Sept. 17: This post has been updated.
As Hurricane Ike barreled down on south Texas and revelations came to light about sex, cocaine and insider deals at the Department of the Interior, the presiding judge of the 5th U.S. Circuit Court of Appeals posted a raft (PDF) of documents accusing one federal judge of gambling, bribery and judicial misconduct.
Chief Judge Edith H. Jones released results of a Justice Department investigation (PDF) and 5th Circuit special committee report alleging that District Judge Thomas Porteous Jr. of New Orleans lied in his personal bankruptcy case and accepted rooms in Las Vegas and envelopes of cash from attorneys with cases awaiting his decisions.
The reports ask the House Judiciary Committee to hold an impeachment hearing of Porteous. If the case is taken up, it would mark the first time a federal judge has faced impeachment in nearly two decades. The committee plans to vote Wednesday on whether to create a task force to recommend whether to proceed with impeachment.
The reports allege the judge was an alcoholic and "reckless gambler" who accepted money -- and at times demanded it -- from five attorneys and representatives of two companies with more than 25 cases before him.
New Orleans attorney Jacob Amato told investigators he and his law partner paid Porteous an estimated $10,000, according to the DOJ report. Amato chipped in $2,000 toward the wedding for one of Porteous' children while he awaited the judge's decision on a $110 million civil case. The decision came down in Amato's client's favor but was later overturned.
Judges who tossed the case referred to Porteous' legal handiwork in Liljeberg Enterprises Inc. v. LifeMark Hospitals Inc. as "inexplicable," "border(ing) on the absurd," and rife with "'conspiracy theory,'" the Justice Department investigation found.
As Porteous accepted cash, plane tickets and hunting trips from 1998 to 2000, he failed to report the vast majority in financial disclosures, the DOJ and 5th Circuit reports show. In the case that Amato won, the opposing attorney, Joseph Mole, had even asked for a new judge, noting the coziness between Porteous and Amato. That plea was rejected though, by Porteous himself.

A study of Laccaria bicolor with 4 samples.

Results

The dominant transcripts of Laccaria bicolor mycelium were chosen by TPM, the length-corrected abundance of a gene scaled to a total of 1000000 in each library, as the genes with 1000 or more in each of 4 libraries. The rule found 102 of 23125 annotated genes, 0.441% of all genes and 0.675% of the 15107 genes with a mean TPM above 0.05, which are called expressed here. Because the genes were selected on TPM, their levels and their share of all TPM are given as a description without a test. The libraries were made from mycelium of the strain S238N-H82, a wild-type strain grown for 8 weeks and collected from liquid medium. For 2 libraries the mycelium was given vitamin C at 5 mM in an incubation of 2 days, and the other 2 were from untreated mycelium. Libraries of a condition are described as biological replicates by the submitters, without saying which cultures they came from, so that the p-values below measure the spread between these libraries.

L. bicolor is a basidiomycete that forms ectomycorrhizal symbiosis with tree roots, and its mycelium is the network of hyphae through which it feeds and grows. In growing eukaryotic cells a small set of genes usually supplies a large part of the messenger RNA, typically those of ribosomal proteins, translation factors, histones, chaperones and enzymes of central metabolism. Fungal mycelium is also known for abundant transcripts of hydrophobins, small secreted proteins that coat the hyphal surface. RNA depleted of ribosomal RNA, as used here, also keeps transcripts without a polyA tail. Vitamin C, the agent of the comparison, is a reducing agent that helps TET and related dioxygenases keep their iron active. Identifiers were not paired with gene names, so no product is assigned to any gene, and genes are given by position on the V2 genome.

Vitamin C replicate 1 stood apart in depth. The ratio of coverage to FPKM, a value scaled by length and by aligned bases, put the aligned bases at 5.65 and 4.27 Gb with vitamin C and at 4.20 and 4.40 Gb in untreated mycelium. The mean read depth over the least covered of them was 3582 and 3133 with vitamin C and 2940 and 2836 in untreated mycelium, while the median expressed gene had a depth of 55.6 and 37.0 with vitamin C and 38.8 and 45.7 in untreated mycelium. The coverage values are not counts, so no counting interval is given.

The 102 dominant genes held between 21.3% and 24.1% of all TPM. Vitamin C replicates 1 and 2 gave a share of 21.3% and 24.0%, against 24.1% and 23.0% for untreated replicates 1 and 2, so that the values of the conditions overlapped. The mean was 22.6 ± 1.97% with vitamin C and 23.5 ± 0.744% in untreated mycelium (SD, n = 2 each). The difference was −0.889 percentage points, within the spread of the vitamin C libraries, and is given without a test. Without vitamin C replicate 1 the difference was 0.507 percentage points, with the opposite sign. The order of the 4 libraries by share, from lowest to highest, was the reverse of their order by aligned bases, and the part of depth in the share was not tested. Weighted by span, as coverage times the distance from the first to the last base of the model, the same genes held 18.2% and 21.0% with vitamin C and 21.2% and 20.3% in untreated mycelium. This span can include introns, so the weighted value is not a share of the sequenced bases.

Mole said Tuesday he had no evidence of wrongdoing, but only hearsay from the legal community. "I pushed it on to him," Mole said. "He knows obviously what the situation is. I did tell him -- if thereâs something in there we should know about , itâs on you to disclose."
In his own filings in the proceedings, Porteous claims that the gifts were tokens of goodwill from dear friends. "No gift was given as a lawyer to a judge," he wrote in a December 2007 memorandum to 5th Circuit investigators. Porteous also cited the death of his wife, the loss of his home in Hurricane Katrina and coming to grips with drinking and gambling addictions.
"I am only beginning to understand my situation after almost two years of therapy," he wrote in the memo.
The case poses the question: Who was watching the bench?
"Other judges and attorneys have a responsibility, when they see a judge doing something wrong, to do something about it, and you kind of wonder why no one did," said Cynthia Gray, executive director of Center for Judicial Ethics at the American Judicature Society in Chicago.
But Porteous was being watched, it turns out.
The Justice Department report indicates that agents suspected Porteous' misconduct as a state judge before his appointment to the federal bench in 1994. For "several years," the department investigated Porteous and brought evidence to a grand jury of wire fraud, criminal contempt of court and submitting false statements to banks, the report says. According to the 5th Circuit special committee's report, about $80,000 in unaccounted for cash flowed into Porteous' bank and money market accounts from 1998 to 2000.
Porteous' attorney negotiated with the Department of Justice, which decided last year to file a misconduct complaint instead of seeking a criminal indictment, the 5th Circuit report says.
Judge Jones' office declined comment about whether Porteous' cases might be reopened.
Mole, the attorney who had opposed Amato in the $110 million Liljeberg case, had suspected improprieties as his case reached a conclusion, the DOJ report says. But after his attempt to try the case before a different judge was shot down, he opted to "level the playing field" in a "broken system," he told investigators.
As Porteous closing arguments loomed in the case, Mole added another New Orleans attorney to his team -- one who had no federal litigation experience but who had given the judge an estimated $3,000 in gambling money and meals.
Amato could not be reached for comment. The New Orleans Times-Picayune reported last week that Porteous' docket had been effectively stripped as of June but that he continued to collect a $169,300 salary.
The last federal judge to be impeached was Walter L. Nixon of the District Court for the Southern District of Mississippi. He faced perjury charges and was convicted by the U.S. Senate and removed from office in November 1989.
Update: This post originally included a sentence saying we had called the Louisiana Bar Association regarding potential bar penalties for attorneys who admitted to providing Porteous with cash and gifts. After further reporting, we found the Louisiana Bar Association does not have jurisdiction on this count. The sentence has been removed.